A second wave of coronavirus misinformation is battering India
Fake cures, anti-vaccine propaganda and 5G conspiracies are on the rise as Covid-19 chaos sweeps the country
“Covid is on its way out,” said Harsh Vardhan, India’s health minister, in early March. But, little more than a month later, a second wave of infections has thrown the country into chaos.
Record numbers of more than 300,000 new Covid-19 cases are being reported daily, hospitals are so overwhelmed they are unable to accept new patients, oxygen and medicine supplies are depleted, and people are dying without medical care.
Over the past few weeks, as the nation’s death toll has exceeded 200,000 people, many have taken to social media to ask for help and seek information about intensive care beds and vital oxygen supplies. Others have volunteered their time, putting in long hours to disseminate reliable information that can help desperate patients and relatives.
However, online misinformation has received a corresponding boost. Rajneil Kamath of the fact-checking initiative NewsChecker says that the organization’s workload has doubled in the past month and that it is receiving dozens of false claims to debunk every day.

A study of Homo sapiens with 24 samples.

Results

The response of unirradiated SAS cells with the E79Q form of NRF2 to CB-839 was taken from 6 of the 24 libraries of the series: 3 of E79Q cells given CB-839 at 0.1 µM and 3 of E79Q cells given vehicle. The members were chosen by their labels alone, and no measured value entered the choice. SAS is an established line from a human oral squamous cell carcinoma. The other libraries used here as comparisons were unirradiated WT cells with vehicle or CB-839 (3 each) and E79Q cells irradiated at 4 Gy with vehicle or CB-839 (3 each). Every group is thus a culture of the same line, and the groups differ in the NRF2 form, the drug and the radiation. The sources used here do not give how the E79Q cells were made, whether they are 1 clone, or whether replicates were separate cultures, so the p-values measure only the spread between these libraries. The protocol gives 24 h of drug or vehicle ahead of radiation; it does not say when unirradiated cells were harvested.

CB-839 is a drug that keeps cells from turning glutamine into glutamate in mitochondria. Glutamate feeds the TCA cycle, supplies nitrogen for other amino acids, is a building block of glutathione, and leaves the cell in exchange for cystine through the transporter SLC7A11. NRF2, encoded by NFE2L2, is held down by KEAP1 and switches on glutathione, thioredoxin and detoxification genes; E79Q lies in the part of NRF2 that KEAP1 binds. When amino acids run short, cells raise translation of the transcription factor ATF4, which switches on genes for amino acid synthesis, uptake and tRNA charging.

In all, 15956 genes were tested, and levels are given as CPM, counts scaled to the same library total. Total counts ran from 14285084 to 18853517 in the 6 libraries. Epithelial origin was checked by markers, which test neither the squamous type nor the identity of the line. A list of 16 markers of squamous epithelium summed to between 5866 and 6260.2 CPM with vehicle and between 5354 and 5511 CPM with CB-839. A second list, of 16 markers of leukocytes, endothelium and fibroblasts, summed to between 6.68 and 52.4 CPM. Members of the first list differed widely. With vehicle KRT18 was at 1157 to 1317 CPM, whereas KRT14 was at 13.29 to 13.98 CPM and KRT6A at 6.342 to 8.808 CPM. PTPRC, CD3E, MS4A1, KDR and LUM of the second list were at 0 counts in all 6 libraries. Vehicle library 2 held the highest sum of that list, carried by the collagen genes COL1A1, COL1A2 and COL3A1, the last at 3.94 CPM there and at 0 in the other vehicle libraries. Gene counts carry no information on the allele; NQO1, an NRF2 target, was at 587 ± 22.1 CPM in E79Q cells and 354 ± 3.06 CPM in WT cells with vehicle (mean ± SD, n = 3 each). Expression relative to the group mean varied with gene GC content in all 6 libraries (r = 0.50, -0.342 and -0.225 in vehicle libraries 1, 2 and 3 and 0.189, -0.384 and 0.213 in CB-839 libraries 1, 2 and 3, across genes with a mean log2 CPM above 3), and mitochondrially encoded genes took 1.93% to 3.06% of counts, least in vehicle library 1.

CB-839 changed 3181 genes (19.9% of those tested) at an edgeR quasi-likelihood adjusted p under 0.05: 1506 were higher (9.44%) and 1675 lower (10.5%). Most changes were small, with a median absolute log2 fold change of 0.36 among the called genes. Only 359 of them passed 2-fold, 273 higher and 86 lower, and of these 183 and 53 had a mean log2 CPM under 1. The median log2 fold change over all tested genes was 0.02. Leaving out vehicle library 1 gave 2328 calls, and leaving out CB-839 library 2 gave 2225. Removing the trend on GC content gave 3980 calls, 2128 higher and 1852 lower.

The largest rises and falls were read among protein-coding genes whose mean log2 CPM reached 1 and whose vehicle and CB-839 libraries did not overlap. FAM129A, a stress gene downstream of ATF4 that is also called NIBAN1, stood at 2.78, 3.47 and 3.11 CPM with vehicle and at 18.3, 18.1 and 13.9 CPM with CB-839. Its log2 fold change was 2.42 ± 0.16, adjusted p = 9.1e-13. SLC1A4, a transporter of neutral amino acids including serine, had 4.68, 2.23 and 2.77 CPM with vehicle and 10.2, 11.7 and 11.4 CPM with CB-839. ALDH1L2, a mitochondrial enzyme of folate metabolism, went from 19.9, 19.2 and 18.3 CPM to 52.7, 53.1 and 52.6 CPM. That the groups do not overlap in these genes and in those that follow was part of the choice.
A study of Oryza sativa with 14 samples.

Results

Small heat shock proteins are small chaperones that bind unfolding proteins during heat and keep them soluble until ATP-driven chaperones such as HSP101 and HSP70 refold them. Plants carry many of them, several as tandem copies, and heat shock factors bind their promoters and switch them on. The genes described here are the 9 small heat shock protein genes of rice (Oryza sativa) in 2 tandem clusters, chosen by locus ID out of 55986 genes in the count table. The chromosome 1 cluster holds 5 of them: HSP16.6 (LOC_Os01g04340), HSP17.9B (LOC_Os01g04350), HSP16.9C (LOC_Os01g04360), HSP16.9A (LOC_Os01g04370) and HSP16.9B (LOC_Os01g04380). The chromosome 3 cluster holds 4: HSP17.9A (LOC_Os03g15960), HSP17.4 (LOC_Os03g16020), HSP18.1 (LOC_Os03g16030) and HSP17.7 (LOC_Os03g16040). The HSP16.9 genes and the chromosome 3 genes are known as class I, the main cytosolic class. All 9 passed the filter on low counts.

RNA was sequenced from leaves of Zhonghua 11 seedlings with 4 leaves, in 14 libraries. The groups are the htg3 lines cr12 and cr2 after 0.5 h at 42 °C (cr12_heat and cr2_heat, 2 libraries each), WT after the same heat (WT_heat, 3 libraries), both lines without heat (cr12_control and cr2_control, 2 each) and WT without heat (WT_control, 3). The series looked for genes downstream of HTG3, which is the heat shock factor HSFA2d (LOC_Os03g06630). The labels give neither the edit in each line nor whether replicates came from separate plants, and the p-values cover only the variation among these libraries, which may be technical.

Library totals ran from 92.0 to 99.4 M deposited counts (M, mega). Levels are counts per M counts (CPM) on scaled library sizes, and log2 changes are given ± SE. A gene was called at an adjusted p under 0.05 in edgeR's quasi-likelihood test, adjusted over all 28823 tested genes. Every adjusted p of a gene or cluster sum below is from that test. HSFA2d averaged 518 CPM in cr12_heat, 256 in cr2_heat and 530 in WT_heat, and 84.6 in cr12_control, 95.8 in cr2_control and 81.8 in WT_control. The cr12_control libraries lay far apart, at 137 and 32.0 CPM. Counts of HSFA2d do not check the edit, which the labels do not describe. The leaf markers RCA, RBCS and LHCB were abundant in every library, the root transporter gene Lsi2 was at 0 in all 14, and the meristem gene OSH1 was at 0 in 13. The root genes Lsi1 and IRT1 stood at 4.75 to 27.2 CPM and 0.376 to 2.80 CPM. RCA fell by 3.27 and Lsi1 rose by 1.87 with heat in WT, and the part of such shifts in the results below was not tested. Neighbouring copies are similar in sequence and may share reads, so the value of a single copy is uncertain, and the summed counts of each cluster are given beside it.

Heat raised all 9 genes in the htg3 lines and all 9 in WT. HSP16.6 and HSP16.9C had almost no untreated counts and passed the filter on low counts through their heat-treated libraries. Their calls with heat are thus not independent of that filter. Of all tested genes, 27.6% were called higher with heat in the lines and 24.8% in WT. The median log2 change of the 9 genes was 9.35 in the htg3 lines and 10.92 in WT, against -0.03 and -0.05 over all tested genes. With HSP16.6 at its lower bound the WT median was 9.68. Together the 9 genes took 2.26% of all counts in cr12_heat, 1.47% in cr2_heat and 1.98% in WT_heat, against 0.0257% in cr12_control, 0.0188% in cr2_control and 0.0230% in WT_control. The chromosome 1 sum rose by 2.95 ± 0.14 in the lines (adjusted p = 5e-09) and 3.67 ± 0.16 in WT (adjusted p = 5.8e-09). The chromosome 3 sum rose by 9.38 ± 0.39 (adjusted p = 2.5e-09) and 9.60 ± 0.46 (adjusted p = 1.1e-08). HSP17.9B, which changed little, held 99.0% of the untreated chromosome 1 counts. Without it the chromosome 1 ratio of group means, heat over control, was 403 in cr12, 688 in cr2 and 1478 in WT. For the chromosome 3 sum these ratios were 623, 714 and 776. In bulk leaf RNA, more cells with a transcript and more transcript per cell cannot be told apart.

As with many other places in the world, India has witnessed an explosion of junk science and conspiracy theories related to 5G. One extensively shared WhatsApp message stated that radiation from cell phone towers “mixes with the air and makes it poisonous and that’s why people are facing difficulty in breathing and are dying.”
Another video, in which a doctor suggests using nebulizers as a substitute for oxygen, has had tens of thousands of views and was even shown by Prime Minister Narendra Modi on a YouTube version of his monthly radio show Mann Ki Baat. Medical professionals have said that nebulizers, which allow patients to inhale liquid medicine as a mist, are useless for increasing oxygen intake and could worsen the condition of people with coronavirus.
According to Kamath, the internet is also rife with vaccine disinformation. India’s vaccine stocks are running out and the country is struggling to inoculate its 1.4 billion population. At the same time, widely viewed online posts claim that the shots reduce the human body’s natural immunity and advise women not to get injected at certain points in their menstrual cycle. As millions of people attempt to protect themselves against the virus, fake and unproven cures are gaining renewed traction, including inhaling camphor or using steam therapies.
“A lot of claims that were viral and debunked last year came back,” Kamath said. “It’s surprising that we’re already a year into this, but even now people are circulating these things.”
Meanwhile, the national government and states across India have been criticized for mishandling the crisis by allowing thousands to attend political rallies and religious festivals, and ignoring pre-existing needs for better health infrastructure. There have also been accusations of widespread underreporting of deaths, following news stories featuring overwhelmed cremation sites, which appear to indicate that official numbers are being downplayed.